Diabetes, depression, hypertension all linked to low hormone level

MASON, Ohio (May 13, 2013) – Low testosterone is one health topic men may be apprehensive to discuss with their physician and is often an issue doctors have not usually addressed in preventative care.

Many men may silently experience low testosterone – an age-old health problem that most men either know little about or aren’t ready to admit they might have. Testosterone is the most important male sex hormone that men have and it helps maintain sex drive, sperm production and bone health. Its production, however, can gradually reduce over time due to a man’s age or certain pre-existing health conditions.

Not unlike a woman undergoing menopause, a man’s body can experience significant changes when his testosterone level gets too low due to his age. Low testosterone may cause a man to lose body hair, muscle bulk, and strength and to gain body fat. He also may experience mood changes, joint pain or erectile dysfunction. Chronic low testosterone may also cause weak bones (osteoporosis), mood changes and less energy, according to the National Institute of Health (NIH).

Up until recently, low testosterone has not played a significant role in preventative care for men and often was only thought of in connection with a decrease in sex drive. But lower levels of the hormone are now being linked to other health issues such as insulin resistance, which can lead to diseases including diabetes, high blood pressure, hyperglycemia and truncal obesity, said Dr. Dale Block, a Premier HealthNet physician who practices at Premier Family Care of Mason.

“A low sex drive is just a very small piece of it,” he said. “Physicians and other health practitioners have a responsibility to take a more proactive approach and help their patients identify the problem and get to a sense of health and wellness. If you don’t ask the questions, the patients may not be willing to provide the information or they may be embarrassed.”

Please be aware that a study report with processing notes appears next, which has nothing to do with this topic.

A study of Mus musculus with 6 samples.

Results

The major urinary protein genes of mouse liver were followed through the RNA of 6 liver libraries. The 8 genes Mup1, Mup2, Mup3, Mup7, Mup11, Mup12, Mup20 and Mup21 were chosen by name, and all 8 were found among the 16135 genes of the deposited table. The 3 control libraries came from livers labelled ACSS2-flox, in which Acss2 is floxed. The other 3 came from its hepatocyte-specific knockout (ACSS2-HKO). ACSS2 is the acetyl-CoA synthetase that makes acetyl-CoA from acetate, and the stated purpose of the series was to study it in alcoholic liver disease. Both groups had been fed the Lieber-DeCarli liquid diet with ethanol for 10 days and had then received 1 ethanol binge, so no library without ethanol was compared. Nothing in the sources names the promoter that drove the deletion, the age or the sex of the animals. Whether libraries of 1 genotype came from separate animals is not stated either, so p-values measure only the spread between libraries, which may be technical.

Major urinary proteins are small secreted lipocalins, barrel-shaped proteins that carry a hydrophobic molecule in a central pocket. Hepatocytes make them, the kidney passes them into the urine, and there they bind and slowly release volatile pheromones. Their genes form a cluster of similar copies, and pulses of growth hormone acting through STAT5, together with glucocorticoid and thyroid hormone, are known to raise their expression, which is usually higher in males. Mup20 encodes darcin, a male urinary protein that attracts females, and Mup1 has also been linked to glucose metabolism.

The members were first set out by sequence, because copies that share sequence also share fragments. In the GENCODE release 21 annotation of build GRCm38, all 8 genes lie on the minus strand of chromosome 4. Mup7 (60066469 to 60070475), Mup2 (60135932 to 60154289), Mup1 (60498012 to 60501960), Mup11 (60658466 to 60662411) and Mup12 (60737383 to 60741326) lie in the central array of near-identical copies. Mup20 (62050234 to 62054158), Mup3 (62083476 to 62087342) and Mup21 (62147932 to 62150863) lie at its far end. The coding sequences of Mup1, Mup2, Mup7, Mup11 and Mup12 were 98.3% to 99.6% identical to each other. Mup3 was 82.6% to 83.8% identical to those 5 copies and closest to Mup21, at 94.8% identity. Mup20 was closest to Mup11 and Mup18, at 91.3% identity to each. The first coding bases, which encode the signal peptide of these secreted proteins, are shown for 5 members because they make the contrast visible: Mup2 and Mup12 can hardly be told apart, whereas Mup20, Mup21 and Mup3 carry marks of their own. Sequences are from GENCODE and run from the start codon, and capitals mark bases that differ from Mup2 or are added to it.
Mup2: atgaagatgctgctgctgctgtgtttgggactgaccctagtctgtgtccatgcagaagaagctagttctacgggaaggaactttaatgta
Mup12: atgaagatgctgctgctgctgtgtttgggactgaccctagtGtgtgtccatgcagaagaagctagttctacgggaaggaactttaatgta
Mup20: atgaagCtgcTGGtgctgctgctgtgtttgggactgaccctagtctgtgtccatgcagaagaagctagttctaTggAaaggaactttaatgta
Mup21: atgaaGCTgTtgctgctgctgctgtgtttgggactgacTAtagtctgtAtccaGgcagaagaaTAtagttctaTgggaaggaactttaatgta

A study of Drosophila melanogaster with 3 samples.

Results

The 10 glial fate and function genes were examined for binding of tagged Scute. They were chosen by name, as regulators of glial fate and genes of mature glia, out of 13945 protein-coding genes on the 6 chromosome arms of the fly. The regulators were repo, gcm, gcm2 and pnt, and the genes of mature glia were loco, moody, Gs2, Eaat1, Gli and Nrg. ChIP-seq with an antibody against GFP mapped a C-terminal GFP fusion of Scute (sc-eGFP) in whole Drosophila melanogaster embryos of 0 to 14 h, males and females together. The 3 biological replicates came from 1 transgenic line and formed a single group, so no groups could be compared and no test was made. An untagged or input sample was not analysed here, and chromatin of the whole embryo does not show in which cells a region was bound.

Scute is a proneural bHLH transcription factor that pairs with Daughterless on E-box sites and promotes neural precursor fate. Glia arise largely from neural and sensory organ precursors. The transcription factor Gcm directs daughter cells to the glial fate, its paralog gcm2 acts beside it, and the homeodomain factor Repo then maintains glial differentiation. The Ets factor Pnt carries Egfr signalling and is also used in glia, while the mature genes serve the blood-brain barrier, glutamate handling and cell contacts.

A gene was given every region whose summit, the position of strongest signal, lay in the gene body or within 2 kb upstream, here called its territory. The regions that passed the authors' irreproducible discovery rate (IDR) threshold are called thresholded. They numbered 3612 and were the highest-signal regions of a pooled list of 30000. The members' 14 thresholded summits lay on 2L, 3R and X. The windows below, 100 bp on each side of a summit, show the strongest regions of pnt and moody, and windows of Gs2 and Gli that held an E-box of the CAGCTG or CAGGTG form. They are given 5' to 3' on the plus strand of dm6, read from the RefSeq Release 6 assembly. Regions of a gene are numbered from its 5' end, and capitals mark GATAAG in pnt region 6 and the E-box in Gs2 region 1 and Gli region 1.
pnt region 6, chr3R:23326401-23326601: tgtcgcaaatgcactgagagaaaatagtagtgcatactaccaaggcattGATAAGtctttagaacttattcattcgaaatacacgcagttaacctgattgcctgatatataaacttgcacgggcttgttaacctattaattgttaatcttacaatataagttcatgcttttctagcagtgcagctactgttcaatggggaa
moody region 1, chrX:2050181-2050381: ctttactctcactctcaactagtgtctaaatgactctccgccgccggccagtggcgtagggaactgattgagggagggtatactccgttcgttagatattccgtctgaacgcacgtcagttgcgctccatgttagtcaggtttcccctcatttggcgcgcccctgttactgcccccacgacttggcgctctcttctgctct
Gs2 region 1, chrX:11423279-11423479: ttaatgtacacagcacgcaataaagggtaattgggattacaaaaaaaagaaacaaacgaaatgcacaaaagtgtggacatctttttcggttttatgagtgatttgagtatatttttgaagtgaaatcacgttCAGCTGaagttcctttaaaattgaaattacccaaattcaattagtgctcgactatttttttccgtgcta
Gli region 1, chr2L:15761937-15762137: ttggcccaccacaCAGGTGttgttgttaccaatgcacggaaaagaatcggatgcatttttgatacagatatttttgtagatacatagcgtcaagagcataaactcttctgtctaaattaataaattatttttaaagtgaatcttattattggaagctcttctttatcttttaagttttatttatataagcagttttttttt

According to the American Diabetes Association (ADA), low testosterone is a common condition that often goes undiagnosed because its symptoms are similar to other conditions. As many as 13 million men in America may have low testosterone levels – and more than 90 percent of them are not being treated. Recent research has even found that pre-existing health issues such as diabetes can increase a man’s risk for low testosterone, according to the ADA.

Dr. Block said men can begin seeing symptoms of low testosterone as early as their mid-40s, but most begin experiencing it in their 50s or 60s. In a typical male, the level of testosterone at age 70 is 50 percent of what it was at age 20. This particular time in a man’s physical health is often referred to as andropause.

Testosterone levels can be determined through a simple blood test, and low testosterone can be treated through the use of hormone replacement therapy. There are several risk factors that come with the use of hormone replacement therapy, including prostate cancer and sleep apnea, according to the NIH. Dr. Block recommends that men discuss their options with their primary care physician and encourages them not to rule out diagnosis or treatment because of the risks of therapy.

Once they are started on hormone replacement therapy, many men can see significant improvements, such as their sexual performance and fat burning. It also helps alleviate other issues that men may have including headaches, night sweats and depression. In addition, patients may see positive improvements in their overall health, Dr. Block said.

“I have patients who will come in with this constellation of symptoms and they are on all these (prescription) drugs treating the symptoms and all it really comes down to is that they need a balanced hormonal approach and as soon as I present that to them and they get started on therapy they see an improvement in their overall well-being,” he said.

View frequently asked questions about men’s health.